Dear Contractor Doctor
I’m an IT contractor working via my own limited company. I recently started a contract with a client via an agency. Unfortunately, three days into the contract I became ill as a result of complications from surgery I had last year.
Although I worked for three days, the client refused to authorise the timesheets and as a result the agency is refusing to pay me. The agency is even threatening to take action over breach of contract, claiming that I did not give 30 days’ notice of termination. This is despite me having a sick note from my GP confirming that I was unfit to work. Surely by UK employment law I am entitled to receive payment?
Can I use my sick note as a defence for breach of contract?
Contractor Doctor says:
There are several issues that the contractor in this situation should take into account. The key fact is that limited company contractors are employed by their own company, and not by the agency or client. Employment law is not a factor in the business-to-business relationship that the contractor has with the agency, or indeed with the client.
The second factor is whether the contractor opted out of the conduct regulations. If they did not opt out, then even though the contractor only worked a few days of the contract, the agency is legally required to pay them.
Finally, the severity of the contractor’s illness may mean that the contract is ‘frustrated’, and as a result the agency is unlikely to succeed with any legal action it takes over the contractor’s inability to give 30 days’ notice.
Contractors are employed by their limited companies, not the agency or client
Limited company contractors are employed by their limited companies. There is no employment relationship between the contractor and the client or agency. That means the rule governing any failure to perform services is a matter for contract law, not employment law.
The contractor may have a ‘sick note’ from their GP, but this is only relevant to the contractor’s own business, and is not a matter of concern to the agency or the client.
A contractor may be able to claim statutory sick pay if unable to work for more than three days, but this will be deducted from the contractors existing payroll liabilities and also be a fraction of what the contractor would normally earn.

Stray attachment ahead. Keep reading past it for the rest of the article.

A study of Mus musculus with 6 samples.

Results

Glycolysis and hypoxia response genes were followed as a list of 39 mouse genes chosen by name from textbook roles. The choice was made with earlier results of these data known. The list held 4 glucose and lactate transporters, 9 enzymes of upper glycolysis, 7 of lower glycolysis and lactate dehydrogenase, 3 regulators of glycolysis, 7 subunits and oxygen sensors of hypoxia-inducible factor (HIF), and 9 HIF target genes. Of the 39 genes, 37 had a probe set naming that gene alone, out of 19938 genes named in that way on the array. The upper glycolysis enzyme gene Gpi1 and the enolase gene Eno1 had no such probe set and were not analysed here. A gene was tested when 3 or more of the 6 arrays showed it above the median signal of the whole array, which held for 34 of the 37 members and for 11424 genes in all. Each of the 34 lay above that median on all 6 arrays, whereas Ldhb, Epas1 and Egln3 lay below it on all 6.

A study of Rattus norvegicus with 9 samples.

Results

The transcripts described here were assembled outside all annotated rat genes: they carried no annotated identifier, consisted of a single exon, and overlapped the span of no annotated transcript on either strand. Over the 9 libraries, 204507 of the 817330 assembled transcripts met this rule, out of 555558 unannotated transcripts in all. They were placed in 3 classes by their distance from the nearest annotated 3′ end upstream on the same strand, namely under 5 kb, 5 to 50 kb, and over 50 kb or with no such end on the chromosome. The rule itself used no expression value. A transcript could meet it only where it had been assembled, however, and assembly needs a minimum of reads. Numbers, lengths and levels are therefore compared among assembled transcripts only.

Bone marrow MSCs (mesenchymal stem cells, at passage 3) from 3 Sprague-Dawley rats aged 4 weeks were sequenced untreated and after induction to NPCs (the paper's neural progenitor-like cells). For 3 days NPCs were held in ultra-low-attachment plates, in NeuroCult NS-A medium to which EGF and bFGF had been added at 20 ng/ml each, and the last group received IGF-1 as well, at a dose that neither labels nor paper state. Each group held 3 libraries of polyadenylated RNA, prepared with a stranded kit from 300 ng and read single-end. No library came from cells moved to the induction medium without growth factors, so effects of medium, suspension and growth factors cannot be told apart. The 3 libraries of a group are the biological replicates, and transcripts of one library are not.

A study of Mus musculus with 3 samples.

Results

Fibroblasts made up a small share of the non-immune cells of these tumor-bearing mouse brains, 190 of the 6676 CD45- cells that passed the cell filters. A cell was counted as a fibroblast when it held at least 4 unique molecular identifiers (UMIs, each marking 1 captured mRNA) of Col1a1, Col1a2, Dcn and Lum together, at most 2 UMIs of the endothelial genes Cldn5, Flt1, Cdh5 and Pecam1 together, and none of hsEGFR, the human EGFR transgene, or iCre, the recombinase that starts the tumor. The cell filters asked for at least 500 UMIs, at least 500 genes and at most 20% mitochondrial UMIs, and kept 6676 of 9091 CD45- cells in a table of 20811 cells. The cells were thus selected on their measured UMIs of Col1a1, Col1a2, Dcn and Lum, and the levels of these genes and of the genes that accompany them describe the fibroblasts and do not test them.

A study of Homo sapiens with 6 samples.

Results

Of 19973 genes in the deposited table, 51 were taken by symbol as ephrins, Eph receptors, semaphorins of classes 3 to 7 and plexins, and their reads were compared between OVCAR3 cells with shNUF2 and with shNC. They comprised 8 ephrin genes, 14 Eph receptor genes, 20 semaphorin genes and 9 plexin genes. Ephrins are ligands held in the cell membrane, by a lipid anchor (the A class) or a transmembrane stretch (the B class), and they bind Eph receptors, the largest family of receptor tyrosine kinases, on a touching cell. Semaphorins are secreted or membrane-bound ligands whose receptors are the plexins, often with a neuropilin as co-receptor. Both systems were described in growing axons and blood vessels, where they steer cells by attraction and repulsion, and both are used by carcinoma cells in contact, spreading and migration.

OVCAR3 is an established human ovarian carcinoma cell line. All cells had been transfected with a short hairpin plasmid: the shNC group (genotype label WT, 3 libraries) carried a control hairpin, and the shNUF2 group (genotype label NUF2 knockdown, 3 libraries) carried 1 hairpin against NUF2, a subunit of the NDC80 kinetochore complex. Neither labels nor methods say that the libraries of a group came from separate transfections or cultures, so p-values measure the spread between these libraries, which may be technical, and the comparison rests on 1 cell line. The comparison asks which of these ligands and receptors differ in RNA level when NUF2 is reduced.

Opting out of the conduct regulations
If the contractor opted out of the Conduct of Employment Agencies and Employment Businesses Regulations 2003, then the agency may not necessarily need to pay the contractor for time worked.
But the timing of the opt-out is crucial. If the contractor was introduced to the client before explicitly opting out, then the regulations will apply regardless of what the contractor, agency or client intend. That would mean the contractor must be paid by the agency for time worked.
The contractor may have a 'sick note' from their GP, but this is only relevant to the contractor's own business, and is not a matter of concern to the agency or the client
However, if the contractor had opted out of the conduct regulations before being introduced to the client, then there is no protection and the agency may get away with not paying the contractor for time worked.
Contract frustration, or ‘force majeure’, may protect against agency legal action
If the contractor is medically unfit to work and physically cannot perform the services according to the contract’s requirements, then the legal principle of frustration may apply. Frustration can apply in limited circumstances where the lawful performance of the contract is impossible.
For frustration to apply, the circumstances must arise after the contract has been agreed and not be the fault of either party. Illness falls under this heading, so the contractor may escape being sued by the agency for breach of contract as a result of this legal principle.
So, depending on the exact circumstances, the contractor may benefit from being paid for the three days worked and escape legal action by the agency. Alternatively, they may find that the agency has no obligation to pay and it could take action over a breach of contract.